A stolen baby Jesus and his manger were returned to a Pulaski County nativity scene in time for Christmas Eve.
But the case of the stolen baby Jesus and his safe return to Steve and Susan Mucci's home is more than a Christmas story — it's also a cautionary tale about the perils of decor acquired outside legal channels.
And don't acquire your 3-foot wreath from the home of the county attorney.
The tale began Dec. 18 when the Muccis, who live in the Winding Ridge subdivision in Somerset, noticed that Jesus was gone from their lawn nativity scene. The theft of baby Jesus and manger was the most high-profile in a string of Christmas decoration thefts in the Winding Ridge area. The Muccis and others in the neighborhood — including Pulaski County Attorney Bill Thompson — had decorations pinched from their doors, houses and trees over several nights last week.
One of the neighbors reported the theft of a string of lights to Pulaski County Sheriff Todd Wood. Through a series of sources, deputies were led to Fry Estate Apartments on Monday, where they found the stolen lights on an apartment door. They took the stolen lights and returned them to the owner. But no one came to the door when deputies knocked.
On Tuesday, county attorney Thompson, who had heard about the recovery of the stolen lights, called sheriff Wood and told him that a three-foot wreath was stolen from Thompson's chimney on Dec. 19.
Deputies went back Tuesday to Fry Estate Apartments, about half a mile from the Winding Ridge subdivision, and entered the apartment. They found Thompson's wreath on the apartment wall, as well as other ornaments and the baby Jesus.
But only one of the three people who lived at the apartment was home. The roommate said he didn't know how the decorations had gotten there and said police should talk to his roommates, Wood said.
Wood told the roommate to have his roommates — Nicholas Alexander Brainard, 20, and David Gialdini, 19, come to the sheriff's department early Wednesday.
"They were both there at 10 a.m. waiting for me," Wood said of Brainard and Gialdini. The duo confessed to stealing the Christmas decorations and said all of the stolen items had been returned, Wood said.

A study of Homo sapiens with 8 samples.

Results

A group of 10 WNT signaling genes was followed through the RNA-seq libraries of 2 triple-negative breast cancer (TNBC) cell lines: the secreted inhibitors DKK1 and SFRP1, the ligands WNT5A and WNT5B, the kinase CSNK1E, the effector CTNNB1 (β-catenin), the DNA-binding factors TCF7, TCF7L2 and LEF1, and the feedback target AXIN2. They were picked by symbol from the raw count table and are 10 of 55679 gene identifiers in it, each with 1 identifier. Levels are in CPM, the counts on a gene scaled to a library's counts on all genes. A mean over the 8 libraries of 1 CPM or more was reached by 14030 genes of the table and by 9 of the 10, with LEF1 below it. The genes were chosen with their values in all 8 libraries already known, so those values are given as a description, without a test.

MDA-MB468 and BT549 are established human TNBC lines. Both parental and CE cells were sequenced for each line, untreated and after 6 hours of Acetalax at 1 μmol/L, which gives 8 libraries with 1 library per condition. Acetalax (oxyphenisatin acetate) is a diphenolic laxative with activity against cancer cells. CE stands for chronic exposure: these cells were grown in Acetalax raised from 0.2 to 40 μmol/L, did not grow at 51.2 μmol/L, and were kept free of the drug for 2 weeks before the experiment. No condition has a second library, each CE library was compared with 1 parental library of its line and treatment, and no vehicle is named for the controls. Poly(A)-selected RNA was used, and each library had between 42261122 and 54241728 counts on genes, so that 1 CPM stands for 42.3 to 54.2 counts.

"They said it was just a stupid prank," Wood said.
Wood turned over all the stolen decorations to Thompson because he knew or might know who they belonged to.
Thompson was just a random target, Wood said.
"I don't think they knew it was the home of the county attorney," Wood said.
But police found more than just stolen Christmas decorations in the apartment. They also found stolen road signs.
That means Brainard and Gialdini will be charged with several counts of receiving stolen property, all misdemeanors. Brainard and Gialdini could not be reached for comment.
Thompson said he was glad to get his wreath back Tuesday night.
"Then he handed me a baby Jesus," Thompson said.
Thompson said he and his wife weren't sure what to do with the baby Jesus. They didn't know who it belonged to.
So Thompson got in the car and drove around the neighborhood.
"There were several nativity scenes, but they all had their baby Jesus," Thompson said. But then he saw the Muccis' empty nativity scene and stopped.
Susan and Steve Mucci's three daughters, who are 13, 8, and 6, were ecstatic when Thompson brought the infant-size Jesus back about 8 p.m. Tuesday.
"The little girls were so excited," Thompson said.
The nativity scene, which was purchased 10 years ago at a Lowe's, is more than 3 feet tall.
The girls were glad to have the baby Jesus restored to its rightful place Tuesday, a day before Christmas Eve, their mother said.
"My 6-year-old went into her room and said 'Thank you, Lord,'" Susan Mucci said.